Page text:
LGBTT Students and Allies Break the Silence at UPRM Press Conference

By Claudia E. Irizarry Aponte

At a press conference held on Thursday, October 24 2013, a group of four panelists assembled by seven University of Puerto Rico-Mayagüez students discussed matters concerning the LGBT rights movement and its struggles in Puerto Rico and on campus.

            Panelists also debated the lack of counseling provided by the Department of Education and UPRM for LGBT students struggling with their identity and with harassment.

            The panel consisted of two UPRM professors, Drs. Rafael Boglio and Bernadette Delgado, both from the Department of Social Sciences; and two students: Gaddiel Ruiz, a Hispanic studies major, writer and activist, and Roberto Rivera, a spokesperson for the Gay-Straight Alliance-UPRM.

The GSA-UPRM is one of the few, student-governed club available for the LGBT community on campus, although it is not the first. Rivera claims, though, that what sets the GSA-UPRM apart from past clubs is the fact that it includes and encourages the participation of non-LGBT students. “We have to create an alliance between all of us, and it is then when we’ll actually make a difference,” he says.

        He also transmitted the GSA-UPRM’s commitment to the campus community: to spread the message that LGBT students and allies exist, provide counseling, and to spread their message through respectful dialogue. The GSA-UPRM’s long-term goals are more ambitious: they strive to impact and educate the community outside of UPRM.

        But how is the university helping its LGBT students? Rivera said that the campus’ counseling services is “not prepared” to handle an extreme case of hate crime against an LGBT student if it would ever occur. Dr. Delgado added that, not only is LGBT counseling a fairly new training in graduate schools across the nation, but that the lack of counseling on campus is mirrored across the country. The School Psychology Association of Puerto Rico (APEP in Spanish) states that there is only one school psychologist per 500 students in Puerto Rico.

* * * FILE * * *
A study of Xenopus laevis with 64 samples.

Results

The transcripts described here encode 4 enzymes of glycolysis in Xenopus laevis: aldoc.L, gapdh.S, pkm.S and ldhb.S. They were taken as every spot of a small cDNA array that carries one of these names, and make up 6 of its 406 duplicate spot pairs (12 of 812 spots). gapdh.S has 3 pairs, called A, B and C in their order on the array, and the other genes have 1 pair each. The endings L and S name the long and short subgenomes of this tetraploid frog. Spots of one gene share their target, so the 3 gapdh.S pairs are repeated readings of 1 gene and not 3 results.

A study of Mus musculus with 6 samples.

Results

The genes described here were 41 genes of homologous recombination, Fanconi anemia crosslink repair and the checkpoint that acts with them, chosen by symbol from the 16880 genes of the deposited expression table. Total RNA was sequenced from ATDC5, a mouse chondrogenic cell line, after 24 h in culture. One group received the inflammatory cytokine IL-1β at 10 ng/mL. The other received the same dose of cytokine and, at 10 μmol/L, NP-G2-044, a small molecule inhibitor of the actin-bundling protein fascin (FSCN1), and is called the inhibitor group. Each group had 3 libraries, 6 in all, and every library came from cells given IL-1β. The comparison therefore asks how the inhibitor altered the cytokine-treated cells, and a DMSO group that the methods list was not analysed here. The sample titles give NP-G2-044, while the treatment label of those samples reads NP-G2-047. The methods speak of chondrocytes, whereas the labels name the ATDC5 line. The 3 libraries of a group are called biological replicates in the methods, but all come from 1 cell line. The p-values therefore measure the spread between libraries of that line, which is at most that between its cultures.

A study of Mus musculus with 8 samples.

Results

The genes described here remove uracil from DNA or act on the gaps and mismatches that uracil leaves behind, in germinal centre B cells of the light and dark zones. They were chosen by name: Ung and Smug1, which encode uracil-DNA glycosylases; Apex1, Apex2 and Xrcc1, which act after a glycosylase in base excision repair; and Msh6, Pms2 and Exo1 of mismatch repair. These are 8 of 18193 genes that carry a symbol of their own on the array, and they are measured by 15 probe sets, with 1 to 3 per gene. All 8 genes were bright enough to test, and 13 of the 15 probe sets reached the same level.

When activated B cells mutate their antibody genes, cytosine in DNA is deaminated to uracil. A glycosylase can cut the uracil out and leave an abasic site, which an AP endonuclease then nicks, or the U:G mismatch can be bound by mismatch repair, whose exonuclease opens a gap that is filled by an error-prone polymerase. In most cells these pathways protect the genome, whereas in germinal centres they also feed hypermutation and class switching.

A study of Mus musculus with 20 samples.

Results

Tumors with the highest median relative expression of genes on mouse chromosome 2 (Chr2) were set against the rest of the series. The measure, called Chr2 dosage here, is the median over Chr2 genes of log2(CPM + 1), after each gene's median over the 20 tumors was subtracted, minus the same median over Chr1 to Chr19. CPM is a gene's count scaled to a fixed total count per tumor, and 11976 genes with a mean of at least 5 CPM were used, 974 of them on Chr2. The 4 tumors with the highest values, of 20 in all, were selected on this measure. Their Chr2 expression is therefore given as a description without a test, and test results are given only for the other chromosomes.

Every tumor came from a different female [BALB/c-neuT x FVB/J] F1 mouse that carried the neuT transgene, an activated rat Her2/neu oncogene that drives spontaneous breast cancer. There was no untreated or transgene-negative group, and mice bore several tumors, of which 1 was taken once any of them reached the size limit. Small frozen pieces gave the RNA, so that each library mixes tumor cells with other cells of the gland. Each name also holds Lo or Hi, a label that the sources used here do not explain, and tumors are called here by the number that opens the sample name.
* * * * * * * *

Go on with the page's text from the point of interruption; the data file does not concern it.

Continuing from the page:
Gaddiel Ruiz stated that there are only four counselors or psychologists available to the whole UPRM campus, which consists of roughly 12,000 students.

        “Mental health is not a priority in Puerto Rico, and there is a shortage of resources for struggling young adults because of this,” she said.

        Delgado affirmed that the best way to handle bullying cases is by preventing them, and praised the fact that the Department of Education has done a “good job in that sector”. In 2008, the Puerto Rican Senate passed a law prohibiting bullying from schools (PC 3942).

        The discussion broadened to subjects of gender, stratification and marriage equality in Puerto Rico. Dr. Boglio stated that the Puerto Rican LGBT community has done a good job at questioning conservative logic: “they may not have numbers, but they do have arguments.” Rivera added that by doing this, Puerto Rico’s political parties have been forced to recognize the importance of the LGBT community, both as a civil rights group and as a source for votes.

        As the press conference ended, attendees were given the opportunity to ask questions. One student asked the panelists how they saw the LGBT movement in Puerto Rico in 10-20 years. Gaddiel Ruiz said that although one cannot predict the future, the Puerto Rican community has to become more integrated in how it deals with social struggles and ideological debates, and called for an alliance of ideas for the better of the community.

            Dr. Boglio chose to compare the movement to the feminist and gender equality movement from past generations, stating that when one battle is over, more struggles emerge. “Gay marriage isn’t the end-all argument: there’s job market, adoption” he said, “but it’s a good start.” 

Image

The Gay-Straight Alliance at UPRM recruiting members on August 12, 2013. (Picture property of GSA-UPRM, via their Facebook page.)